Towards a more peaceful European Neighbourhood
by Ludovic Terren (May 5, 2015)
Although the ENP achieved some level of success in former communist states, and while not saying that it could realistically have the necessary reach to solve all the crises in the EU’s neighbourhood, the situation over the past few years in North Africa and the Middle East – characterised by popular revolutions, insecurity, extremism and violence – has raised serious doubts about the adequacy of this external policy and the way it has so far been implemented.
The gap between its stated objectives and its actual outcome is considerable. Indeed, the policy was supposed to establish “an area of prosperity and good neighbourliness, founded on the values of the Union and characterised by close and peaceful relations based on cooperation”, as stated in article 8 of the EU treaty.
So what is it that went wrong and how could we build on these mistakes to improve this policy and better promote peace and stability across the EU’s neighbourhood?
Some of the ENP’s failures can be attributed to a lack of accountability, corruption oversight, mismanagement, member states disengagement and an over-emphasis on governments and elites, to the detriment of civil society.
While the EU claims its financial assistance is subject to strict control and delivery mechanisms, independent auditors have on more than one occasion signalled that the Commission couldn’t properly account for the money it had allocated, often due to local corruption as well as lacking accountability and monitoring mechanisms. Here is a striking example; in 2006-2007, under MEDA II (ENP’s precursor), the EU allocated €40 million to the Palestinian territories to support power supplies and other essential public services. However, the project’s evaluation has no record of what happened to the funding: it states “We do not have the documentation to record disbursements”.
One way to improve monitoring and make sure that the funding reaches its targets would be to rely on voluntary member states contributions instead of the EU’s central budget, like the European Development Fund (EDF). This would certainly strengthen accountability as each member states would be more engaged and would put significant pressure for the money to be well spent.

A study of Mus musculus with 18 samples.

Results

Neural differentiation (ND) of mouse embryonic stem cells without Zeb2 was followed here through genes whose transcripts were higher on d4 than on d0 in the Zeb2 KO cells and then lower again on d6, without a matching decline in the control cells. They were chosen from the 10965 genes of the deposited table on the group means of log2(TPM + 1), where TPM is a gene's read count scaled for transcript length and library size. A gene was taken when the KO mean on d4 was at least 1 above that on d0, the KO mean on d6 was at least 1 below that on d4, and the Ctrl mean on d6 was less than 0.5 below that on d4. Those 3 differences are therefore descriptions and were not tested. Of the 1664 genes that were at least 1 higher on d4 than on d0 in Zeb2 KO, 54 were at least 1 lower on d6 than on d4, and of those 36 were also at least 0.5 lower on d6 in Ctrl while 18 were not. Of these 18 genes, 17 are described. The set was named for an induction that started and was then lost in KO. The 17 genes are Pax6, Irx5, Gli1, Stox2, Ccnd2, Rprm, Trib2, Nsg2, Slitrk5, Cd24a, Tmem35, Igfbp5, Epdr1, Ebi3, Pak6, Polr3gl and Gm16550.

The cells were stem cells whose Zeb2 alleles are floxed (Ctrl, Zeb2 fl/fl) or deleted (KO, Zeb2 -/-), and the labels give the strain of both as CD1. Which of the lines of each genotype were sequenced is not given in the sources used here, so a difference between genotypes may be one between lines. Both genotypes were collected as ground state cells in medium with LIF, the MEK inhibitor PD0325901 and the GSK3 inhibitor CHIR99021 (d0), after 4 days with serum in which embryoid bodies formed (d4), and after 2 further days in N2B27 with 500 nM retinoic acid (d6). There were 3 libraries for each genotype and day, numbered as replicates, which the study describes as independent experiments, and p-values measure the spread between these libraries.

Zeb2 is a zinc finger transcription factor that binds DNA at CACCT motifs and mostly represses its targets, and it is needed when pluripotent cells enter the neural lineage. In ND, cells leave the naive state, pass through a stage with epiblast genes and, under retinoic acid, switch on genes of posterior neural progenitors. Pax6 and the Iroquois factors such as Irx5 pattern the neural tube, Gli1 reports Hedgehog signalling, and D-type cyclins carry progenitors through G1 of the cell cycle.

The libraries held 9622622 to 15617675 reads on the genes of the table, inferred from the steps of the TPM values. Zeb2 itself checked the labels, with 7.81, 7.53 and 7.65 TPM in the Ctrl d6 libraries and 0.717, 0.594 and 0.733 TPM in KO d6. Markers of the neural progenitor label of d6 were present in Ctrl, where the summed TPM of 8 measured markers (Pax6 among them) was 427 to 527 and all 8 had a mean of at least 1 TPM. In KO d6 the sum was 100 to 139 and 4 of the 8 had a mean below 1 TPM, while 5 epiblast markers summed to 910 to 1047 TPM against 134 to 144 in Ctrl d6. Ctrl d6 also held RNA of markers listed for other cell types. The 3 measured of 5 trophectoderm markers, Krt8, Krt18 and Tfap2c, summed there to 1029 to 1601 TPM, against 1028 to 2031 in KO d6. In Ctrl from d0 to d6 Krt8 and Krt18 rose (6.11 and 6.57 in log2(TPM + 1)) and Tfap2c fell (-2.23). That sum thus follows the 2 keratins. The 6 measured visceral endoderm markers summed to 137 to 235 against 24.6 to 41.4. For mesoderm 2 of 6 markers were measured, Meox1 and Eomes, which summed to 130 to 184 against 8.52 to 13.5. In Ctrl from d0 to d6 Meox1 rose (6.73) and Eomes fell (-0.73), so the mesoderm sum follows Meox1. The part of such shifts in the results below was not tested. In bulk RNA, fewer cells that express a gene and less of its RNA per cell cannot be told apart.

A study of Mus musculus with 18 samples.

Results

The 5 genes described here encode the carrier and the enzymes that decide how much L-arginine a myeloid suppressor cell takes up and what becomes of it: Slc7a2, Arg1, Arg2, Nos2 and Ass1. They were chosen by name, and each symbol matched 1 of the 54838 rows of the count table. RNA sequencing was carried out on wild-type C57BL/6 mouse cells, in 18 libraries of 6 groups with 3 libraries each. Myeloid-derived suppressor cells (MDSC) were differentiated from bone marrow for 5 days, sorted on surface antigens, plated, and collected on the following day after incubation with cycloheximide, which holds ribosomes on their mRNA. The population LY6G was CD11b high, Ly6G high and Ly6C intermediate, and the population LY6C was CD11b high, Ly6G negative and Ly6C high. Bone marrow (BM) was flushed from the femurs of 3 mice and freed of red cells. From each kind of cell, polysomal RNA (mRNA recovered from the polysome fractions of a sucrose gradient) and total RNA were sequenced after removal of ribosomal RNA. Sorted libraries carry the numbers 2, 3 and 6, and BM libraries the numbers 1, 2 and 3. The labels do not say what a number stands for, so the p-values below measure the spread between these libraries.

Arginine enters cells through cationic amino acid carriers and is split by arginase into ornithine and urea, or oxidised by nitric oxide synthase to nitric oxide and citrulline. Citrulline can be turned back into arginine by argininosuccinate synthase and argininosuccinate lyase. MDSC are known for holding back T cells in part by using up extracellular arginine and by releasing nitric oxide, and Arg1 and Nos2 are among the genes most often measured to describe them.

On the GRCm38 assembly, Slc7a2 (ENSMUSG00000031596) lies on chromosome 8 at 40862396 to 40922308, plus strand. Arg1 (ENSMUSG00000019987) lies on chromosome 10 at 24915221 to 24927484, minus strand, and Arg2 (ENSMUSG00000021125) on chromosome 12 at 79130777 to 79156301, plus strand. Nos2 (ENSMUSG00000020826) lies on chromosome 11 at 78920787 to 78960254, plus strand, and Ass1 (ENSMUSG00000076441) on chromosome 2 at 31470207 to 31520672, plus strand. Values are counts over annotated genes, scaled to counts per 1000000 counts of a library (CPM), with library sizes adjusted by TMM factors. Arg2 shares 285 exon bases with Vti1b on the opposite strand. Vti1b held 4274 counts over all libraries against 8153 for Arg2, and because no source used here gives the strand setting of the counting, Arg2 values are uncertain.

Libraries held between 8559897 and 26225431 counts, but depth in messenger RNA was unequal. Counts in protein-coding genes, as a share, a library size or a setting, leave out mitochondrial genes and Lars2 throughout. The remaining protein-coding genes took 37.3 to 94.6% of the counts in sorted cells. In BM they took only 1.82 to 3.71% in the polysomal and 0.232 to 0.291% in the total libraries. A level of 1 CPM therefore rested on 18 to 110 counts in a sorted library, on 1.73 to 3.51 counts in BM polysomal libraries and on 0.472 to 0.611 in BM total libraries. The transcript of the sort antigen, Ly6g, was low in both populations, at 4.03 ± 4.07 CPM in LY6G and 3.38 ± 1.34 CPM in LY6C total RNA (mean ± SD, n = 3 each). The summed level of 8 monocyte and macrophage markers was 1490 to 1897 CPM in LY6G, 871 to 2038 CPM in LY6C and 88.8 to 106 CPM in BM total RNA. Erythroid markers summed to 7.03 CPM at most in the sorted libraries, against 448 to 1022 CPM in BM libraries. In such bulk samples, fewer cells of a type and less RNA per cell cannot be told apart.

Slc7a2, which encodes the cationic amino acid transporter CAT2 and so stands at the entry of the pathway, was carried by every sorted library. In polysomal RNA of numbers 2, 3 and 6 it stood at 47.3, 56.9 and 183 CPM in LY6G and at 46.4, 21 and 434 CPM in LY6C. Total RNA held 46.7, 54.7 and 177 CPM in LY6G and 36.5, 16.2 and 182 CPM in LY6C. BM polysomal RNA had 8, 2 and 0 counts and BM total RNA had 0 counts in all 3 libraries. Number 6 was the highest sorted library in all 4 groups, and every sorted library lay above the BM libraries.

Another problem with the ENP has been its over-emphasis on governments and elites and its questionable minimum conditions of governance and good administration to deal with different countries. Indeed, how can we explain that the now toppled Tunisian and Egyptian regimes passed the democracy and corruption requirements and received large amounts of direct aid funding while their citizens took to the streets to rebel against these regimes on the grounds that they were corrupted and undemocratic?
The ENP also showed naivety in that some of its goals were simply incompatible and self-defeating. Let’s put it this way: in the case of Egypt for example, promoting stability and security meant supporting Mubarak, while promoting democracy and transparency meant opposing him.
As these examples suggest, not only does the EU need stricter criteria to allocate budget support for governments but it needs to increase its focus on civil society to allow the empowerment of local communities and promote a culture of peace and human rights. Civil society organisations must be given a greater role in the monitoring process which will further their ability to check for government excesses.
Last but not least, the ENP must acknowledge the centrality of peace as a pre-condition for development and fit it into its priority scale. No democracy, human rights or justice are possible in the absence of peace. In conflict-prone regions of the EU neighbourhood, the ENP should further support a civil society willing to work on the transformation of adversarial relations into integrative processes as well as the development of counter moral and ethical discourses which could progressively break the cycle of violent conflict as a social continuity and promote a conception of peace that is based on communication and collaboration towards problem-solving. There is an urgent need for a self-reflexive process in which parties to a conflict move away from a context of blame and onto recognising their conflict as a shared problem to which there is a peaceful solution.
Be that as it may, in light of the democratic impetus that was the Arab Spring and the opening up of new possibilities for peace and stability in the region, some level of optimism can be justified.
If well managed and administered, a carefully revised European Neighbourhood Policy programme could progressively contribute to establishing the right conditions for peace and ultimately promote a more peaceful European neighbourhood.